The SEC plans to monitor shareholder voting decisions and company board elections when they start to pick up again in early 2015 and see if the recently published staff guidance on the use of proxy advisory firms has had an effect. The guidance was issued in response to a long-running lobbying campaign by businesses to tighten the supervision of proxy advisory firms, partly because the two firms that dominate the market — Institutional Shareholder Services (ISS) and Glass Lewis & Co. — are seen as having outsized influence on institutional investors.

Keith Higgins, director of the SEC’s Division of Corporation Finance, told lawmakers during a July 24, 2014, hearing that his staff will be monitoring shareholder voting decisions and company board elections following the release of staff guidance on the use of proxy advisory firms.

“The proxy season really is typically the first four months of the year, so we are sort in a lull on proxy season. But we expect to watch, to see what happens,” Higgins said in response to a question by Rep. Scott Garrett, a New Jersey Republican who chairs the House Financial Services Subcommittee on Capital Markets. “We get feedback from market participants as to how it’s working. But we don’t yet have a work plan on how we are going to test how well the guidance did.”

Higgins said he expected to hear from companies or investment advisers if there are any problems or questions.

At the end of June, the SEC’s Divisions of Corporation Finance and Investment Management issued Staff Legal Bulletin (SLB) No. 20, Proxy Voting: Proxy Voting Responsibilities of Investment Advisers and Availability of Exemptions from the Proxy Rules for Proxy Advisory Firms, which reviews rules covering investment advisers and their responsibilities for proxy voting.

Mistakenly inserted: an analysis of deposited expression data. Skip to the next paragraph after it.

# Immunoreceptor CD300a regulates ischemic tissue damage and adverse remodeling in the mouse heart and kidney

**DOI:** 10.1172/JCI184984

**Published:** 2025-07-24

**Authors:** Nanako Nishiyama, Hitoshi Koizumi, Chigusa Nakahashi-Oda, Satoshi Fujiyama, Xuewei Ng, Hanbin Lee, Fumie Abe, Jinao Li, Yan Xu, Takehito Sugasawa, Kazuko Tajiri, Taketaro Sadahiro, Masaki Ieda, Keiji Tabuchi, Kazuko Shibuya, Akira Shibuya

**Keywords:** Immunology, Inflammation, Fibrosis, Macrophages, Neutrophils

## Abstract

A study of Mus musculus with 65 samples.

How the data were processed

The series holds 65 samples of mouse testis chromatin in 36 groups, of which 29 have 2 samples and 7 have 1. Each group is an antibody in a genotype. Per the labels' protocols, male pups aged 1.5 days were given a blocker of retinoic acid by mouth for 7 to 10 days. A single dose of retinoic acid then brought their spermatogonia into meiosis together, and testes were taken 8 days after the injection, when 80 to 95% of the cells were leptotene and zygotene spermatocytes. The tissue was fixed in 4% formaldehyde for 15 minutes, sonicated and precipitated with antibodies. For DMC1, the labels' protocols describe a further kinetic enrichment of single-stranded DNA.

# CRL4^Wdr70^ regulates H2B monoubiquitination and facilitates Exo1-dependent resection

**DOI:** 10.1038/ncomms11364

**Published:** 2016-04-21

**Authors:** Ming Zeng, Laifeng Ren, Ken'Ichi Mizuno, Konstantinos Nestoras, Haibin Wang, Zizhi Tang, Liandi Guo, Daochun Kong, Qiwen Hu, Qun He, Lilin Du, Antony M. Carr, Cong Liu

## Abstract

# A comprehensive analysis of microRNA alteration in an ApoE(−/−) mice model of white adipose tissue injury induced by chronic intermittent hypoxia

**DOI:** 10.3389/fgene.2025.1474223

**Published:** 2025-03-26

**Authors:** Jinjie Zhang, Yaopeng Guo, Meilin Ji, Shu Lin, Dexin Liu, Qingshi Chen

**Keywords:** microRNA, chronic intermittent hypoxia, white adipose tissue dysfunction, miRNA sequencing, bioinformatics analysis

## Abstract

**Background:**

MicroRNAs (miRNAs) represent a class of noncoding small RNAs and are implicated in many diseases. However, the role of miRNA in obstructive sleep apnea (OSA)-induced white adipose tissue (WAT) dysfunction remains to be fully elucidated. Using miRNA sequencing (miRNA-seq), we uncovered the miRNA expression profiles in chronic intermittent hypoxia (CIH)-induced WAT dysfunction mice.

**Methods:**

SLB No. 20 says investment advisers aren’t required to vote every share of stock they hold for their clients and don’t have to follow every recommendation of a proxy advisor.

The guidance was issued in response to a long-running lobbying campaign by businesses to tighten the supervision of proxy advisory firms. Two firms — Institutional Shareholder Services (ISS) and Glass Lewis & Co. — dominate the market, but in the view of businesses they are subject to minimal accountability. Institutional investors believe the complaints are exaggerated.

“As a matter of best practice and in fulfilling its regulatory obligations, ISS has for more than two decades effectively managed and disclosed potential conflicts of interest to its clients through robust policies, processes and practices,” ISS said in an emailed response. “We will review the SEC’s guidance with an eye toward further enhancing these disclosures, in keeping with our objective to provide our services with the highest level of transparency in the industry.”

Glass Lewis did not respond to request for comment as this story was being written.

Garrett, who has been a vocal critic of the proxy advisers, said the guidance is a “very good first step in addressing the growing and outsized influence being wielded by the proxy advisor industry.” He wanted the SEC to do more because he said he’s concerned about “irrelevant and unnecessary shareholder proxy proposals being brought by activist corporate gadflies.” He didn’t specify which proposals he thought were unnecessary, but in the past he’s opposed disclosures related to political spending, social issues, or environmental concerns.

Garrett asked whether the SEC would be reporting back to Congress or issuing a report to see whether the interpretive guidance on proxy advisory firms has been successful, and Higgins said the agency would consider issuing a report, although there were no specific plans to do so.

“As far as how you measure success, it will be something that’s not particularly transparent to us,” Higgins said. He explained that the guidance is about how clients can agree with their investment advisors about when and how to vote shares. “Those would be agreements that we might not be privy to.”

A day before the hearing, the Council of Institutional Investors (CII) sent a letter to the subcommittee and said it is generally supportive of SLB No. 20.

“We do not believe that the SEC’s rules, or interpretations thereof, require investment advisers to vote all proxies,” wrote Jeff Mahoney, CII’s general counsel. “We, however, recognize that there may be confusion regarding this issue,” adding that the CII believes that SLB No. 20 is sufficient to address the issues that have been raised and that the SEC doesn’t need to spend more time or resources on additional industry guidance or rulemaking.